The State Department’s senior management team just resigned rather than work under Trump
President Donald Trump and his Secretary of State pick Rex Tillerson have a long road ahead of them after mass resignations were handed in on Wednesday by senior members of the State Department.
A report by The Washington Post‘s Josh Rogin states, “the entire senior level of management officials resigned Wednesday” as part of an “ongoing mass exodus of senior foreign service officers who don’t want to stick around for the Trump era.”
The resignations flew in faster than they could be managed after Tillerson visited the State Department headquarters. He was visiting to follow up on the resignation of long-serving undersecretary for management, Patrick Kennedy.
Right after Kennedy resigned three other top State Department officials, Assistant Secretary of State for Administration Joyce Anne Barr, Assistant Secretary of State for Consular Affairs Michele Bond and Ambassador Gentry O. Smith, director of the Office of Foreign Missions, all took his lead and quit the agency they had faithfully served.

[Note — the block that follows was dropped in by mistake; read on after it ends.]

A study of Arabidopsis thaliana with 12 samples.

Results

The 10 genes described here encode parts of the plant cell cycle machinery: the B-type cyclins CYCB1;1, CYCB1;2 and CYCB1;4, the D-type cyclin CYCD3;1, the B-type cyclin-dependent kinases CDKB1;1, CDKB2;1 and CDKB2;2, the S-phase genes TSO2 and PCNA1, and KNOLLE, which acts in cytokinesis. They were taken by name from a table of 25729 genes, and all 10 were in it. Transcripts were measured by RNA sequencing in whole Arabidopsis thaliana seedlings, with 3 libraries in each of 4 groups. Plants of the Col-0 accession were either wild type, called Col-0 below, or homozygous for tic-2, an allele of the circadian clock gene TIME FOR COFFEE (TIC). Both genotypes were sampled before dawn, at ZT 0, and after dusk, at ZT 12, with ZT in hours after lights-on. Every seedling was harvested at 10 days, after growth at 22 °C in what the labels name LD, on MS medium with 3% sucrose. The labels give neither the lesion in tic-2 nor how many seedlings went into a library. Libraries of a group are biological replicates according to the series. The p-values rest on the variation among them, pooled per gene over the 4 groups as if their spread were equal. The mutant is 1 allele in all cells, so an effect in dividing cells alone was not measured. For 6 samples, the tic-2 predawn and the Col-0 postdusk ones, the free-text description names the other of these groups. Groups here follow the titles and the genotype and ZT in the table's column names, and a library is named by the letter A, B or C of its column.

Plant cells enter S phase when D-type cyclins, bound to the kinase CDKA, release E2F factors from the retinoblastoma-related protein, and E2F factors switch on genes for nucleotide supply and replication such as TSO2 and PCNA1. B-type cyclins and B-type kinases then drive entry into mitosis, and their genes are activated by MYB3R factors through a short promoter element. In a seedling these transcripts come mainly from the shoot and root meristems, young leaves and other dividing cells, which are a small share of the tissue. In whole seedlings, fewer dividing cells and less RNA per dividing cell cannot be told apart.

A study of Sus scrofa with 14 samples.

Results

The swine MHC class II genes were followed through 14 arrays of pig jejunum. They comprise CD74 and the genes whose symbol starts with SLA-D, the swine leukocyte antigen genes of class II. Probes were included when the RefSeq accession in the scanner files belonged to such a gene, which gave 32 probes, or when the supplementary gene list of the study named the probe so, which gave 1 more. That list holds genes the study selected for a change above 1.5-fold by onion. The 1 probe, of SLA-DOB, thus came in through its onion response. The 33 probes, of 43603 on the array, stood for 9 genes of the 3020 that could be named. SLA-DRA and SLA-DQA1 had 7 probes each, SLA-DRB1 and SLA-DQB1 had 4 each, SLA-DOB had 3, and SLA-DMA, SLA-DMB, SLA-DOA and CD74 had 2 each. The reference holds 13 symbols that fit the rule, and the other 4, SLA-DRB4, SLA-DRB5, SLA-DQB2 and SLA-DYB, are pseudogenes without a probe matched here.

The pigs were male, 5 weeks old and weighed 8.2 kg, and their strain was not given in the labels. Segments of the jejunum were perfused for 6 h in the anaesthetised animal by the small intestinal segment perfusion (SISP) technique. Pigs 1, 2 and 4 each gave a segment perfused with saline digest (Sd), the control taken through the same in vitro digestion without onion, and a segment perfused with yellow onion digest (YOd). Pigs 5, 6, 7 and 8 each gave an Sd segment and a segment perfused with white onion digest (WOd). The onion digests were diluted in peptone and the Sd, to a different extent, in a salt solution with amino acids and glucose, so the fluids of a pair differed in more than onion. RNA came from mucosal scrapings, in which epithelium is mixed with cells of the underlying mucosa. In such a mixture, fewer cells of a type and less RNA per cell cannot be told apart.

“It’s the single biggest simultaneous departure of institutional memory that anyone can remember, and that’s incredibly difficult to replicate,” David Wade, who served as State Department chief of staff during John Kerry’s tenure as Secretary of State, tells the Post.
“Department expertise in security, management, administrative and consular positions in particular are very difficult to replicate and particularly difficult to find in the private sector.”
“Diplomatic security, consular affairs, there’s just not a corollary that exists outside the department, and you can least afford a learning curve in these areas where issues can quickly become matters of life and death,” Wade added. “The muscle memory is critical. These retirements are a big loss. They leave a void. These are very difficult people to replace.”
Tillerson will now be tasked with finding qualified and experienced career officials to manage the State Department. That could prove to be a difficult job as State Department workers question what serving under Donald Trump will mean for the future.